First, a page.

40th Anniversary of the Westminster Town Hall Forum

The Town Hall Forum begins its 40th year of engaging the public in reflection and dialogue on the key issues of our day from an ethical perspective. This spring, three speakers will explore critical issues challenging our community and nation during this election year. Forums are held in Westminster’s sanctuary and are free and open to all. Music precedes the presentation 30 minutes; a reception and book-signing with the speaker follow.

Bill McKibben
Tuesday, March 17, Noon
Building a Movement to Stop Climate Change

Bill McKibben is an environmentalist, educator, and author, and one of the leading voices on climate change in America. He is the Schumann Distinguished Scholar in Environmental Studies at Middlebury College and a fellow of the American Academy of Arts and Sciences. A prolific and award-winning author, his 1989 book, The End of Nature, is regarded as the first book for a general audience on climate change. He is the founder of 350.org, the world’s largest grassroots campaign to counter the effects of climate change. He was awarded the Gandhi Prize, the Thomas Merton Prize, and the Right Livelihood Prize, and has received honorary degrees from 18 colleges and universities. He lives in Vermont in the mountains above Lake Champlain.

Victoria Sweet
Tuesday, April 21, Noon
Slow Medicine: The Way to Healing

Victoria Sweet is associate clinical professor of medicine at the University of California in San Francisco and a prize-winning historian with a Ph.D. in history and social medicine. For more than 20 years, she worked in San Francisco’s Laguna Honda Hospital, a rehabilitation center providing skilled nursing and therapeutic services to underserved populations. Her interactions with patients taught her that health care works best when it is personal, face-to-face, and attentive to both the body and the soul. She has dubbed this practice “slow medicine.” Her latest book, Slow Medicine: The Way to Healing, explores her evolving understanding of medicine as both an art and a science, which is relational, personal, even spiritual.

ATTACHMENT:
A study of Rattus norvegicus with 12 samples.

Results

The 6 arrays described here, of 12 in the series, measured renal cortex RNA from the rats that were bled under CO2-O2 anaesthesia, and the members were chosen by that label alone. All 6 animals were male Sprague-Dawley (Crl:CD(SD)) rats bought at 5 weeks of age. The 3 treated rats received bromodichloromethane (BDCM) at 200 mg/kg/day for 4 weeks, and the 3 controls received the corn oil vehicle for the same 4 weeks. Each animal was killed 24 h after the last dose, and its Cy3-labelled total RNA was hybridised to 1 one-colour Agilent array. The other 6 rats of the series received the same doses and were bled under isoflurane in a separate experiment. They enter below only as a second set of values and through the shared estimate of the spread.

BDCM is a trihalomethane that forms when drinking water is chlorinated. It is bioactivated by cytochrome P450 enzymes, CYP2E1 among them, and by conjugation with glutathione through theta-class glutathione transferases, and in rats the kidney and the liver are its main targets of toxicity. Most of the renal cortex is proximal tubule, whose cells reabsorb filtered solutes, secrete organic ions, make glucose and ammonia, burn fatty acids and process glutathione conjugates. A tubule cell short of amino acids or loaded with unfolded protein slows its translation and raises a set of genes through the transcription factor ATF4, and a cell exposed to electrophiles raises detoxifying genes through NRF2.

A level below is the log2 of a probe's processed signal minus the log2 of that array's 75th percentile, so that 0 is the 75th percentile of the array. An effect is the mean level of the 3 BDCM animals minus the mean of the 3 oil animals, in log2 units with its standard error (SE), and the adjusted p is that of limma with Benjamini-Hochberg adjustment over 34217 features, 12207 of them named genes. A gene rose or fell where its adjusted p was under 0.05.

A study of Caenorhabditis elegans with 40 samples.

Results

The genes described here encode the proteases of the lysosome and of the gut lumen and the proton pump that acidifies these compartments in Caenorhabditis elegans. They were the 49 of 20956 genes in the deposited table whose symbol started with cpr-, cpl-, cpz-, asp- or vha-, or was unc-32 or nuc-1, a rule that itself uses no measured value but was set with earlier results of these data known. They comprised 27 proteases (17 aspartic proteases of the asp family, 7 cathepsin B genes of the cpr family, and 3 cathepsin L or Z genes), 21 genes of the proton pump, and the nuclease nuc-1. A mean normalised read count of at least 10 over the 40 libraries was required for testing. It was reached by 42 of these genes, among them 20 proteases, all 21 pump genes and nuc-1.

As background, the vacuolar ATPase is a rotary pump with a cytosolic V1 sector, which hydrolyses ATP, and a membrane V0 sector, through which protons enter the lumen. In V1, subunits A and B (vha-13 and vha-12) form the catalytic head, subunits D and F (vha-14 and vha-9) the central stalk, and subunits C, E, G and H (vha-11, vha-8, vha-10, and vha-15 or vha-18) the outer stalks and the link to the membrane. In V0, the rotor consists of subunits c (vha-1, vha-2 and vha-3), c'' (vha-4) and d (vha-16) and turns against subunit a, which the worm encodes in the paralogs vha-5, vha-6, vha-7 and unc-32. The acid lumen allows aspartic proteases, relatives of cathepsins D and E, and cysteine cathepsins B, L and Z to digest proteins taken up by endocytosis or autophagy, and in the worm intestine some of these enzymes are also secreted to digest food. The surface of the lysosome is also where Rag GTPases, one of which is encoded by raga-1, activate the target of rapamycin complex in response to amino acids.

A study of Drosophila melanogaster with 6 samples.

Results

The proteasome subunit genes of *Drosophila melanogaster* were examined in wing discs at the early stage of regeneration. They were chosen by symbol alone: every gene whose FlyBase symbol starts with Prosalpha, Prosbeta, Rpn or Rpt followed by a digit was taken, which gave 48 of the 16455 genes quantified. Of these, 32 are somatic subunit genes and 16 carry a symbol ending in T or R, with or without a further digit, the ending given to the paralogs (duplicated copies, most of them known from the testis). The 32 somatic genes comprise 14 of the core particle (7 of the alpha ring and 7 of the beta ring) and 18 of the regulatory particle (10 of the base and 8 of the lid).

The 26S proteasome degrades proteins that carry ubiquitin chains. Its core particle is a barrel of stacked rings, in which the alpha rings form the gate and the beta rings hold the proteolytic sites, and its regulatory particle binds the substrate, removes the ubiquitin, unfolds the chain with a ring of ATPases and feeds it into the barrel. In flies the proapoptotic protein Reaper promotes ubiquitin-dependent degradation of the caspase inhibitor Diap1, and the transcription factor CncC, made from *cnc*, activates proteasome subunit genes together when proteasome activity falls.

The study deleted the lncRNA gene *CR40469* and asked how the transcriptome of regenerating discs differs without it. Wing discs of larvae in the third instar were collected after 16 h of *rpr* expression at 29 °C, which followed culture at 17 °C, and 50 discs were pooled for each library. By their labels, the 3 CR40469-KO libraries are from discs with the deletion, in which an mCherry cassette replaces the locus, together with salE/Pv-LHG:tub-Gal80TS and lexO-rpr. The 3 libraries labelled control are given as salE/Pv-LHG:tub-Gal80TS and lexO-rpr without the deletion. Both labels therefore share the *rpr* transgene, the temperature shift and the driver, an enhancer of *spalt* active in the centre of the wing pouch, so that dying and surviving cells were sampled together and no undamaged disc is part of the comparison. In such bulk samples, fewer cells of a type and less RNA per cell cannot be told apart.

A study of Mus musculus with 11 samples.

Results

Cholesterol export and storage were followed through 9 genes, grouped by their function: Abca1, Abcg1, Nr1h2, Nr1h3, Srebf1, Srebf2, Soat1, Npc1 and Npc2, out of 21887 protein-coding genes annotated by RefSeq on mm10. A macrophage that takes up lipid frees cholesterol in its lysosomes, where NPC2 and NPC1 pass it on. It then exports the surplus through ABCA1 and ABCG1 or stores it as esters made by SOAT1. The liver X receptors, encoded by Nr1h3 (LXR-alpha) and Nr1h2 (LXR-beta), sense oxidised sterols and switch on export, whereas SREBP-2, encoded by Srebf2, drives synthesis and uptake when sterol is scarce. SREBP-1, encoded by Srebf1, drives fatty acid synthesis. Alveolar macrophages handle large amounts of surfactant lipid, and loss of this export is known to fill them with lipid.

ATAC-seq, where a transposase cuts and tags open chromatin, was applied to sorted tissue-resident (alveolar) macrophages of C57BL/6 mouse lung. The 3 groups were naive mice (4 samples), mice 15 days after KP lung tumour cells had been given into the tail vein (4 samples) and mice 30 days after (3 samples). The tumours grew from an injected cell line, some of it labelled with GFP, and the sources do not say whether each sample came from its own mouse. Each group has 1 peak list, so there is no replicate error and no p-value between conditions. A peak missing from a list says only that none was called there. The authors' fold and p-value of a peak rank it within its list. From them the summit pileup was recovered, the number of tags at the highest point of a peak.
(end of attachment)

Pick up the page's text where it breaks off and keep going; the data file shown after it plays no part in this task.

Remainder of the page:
Eddie Glaude, Jr.
Tuesday, May 12, Noon
James Baldwin’s Lessons on Race in America

Eddie Glaude, Jr. is the James S. McDonnell Distinguished University Professor at Princeton University and chair of the Department of African American Studies. He is the author of the award-winning books In a Shade of Blue: Pragmatism and the Politics of Black America and Democracy in Black: How Race Still Governs the Soul of America. His forthcoming book, Begin Again: James Baldwin’s America and Its Urgent Lessons for Our Own, will be published in April 2020. He is a columnist for Time magazine and a regular contributor on MSNBC. He holds a B.S. in political science from Morehouse College, an M.A. in African American studies from Temple University, and a Ph.D. in religion from Princeton University.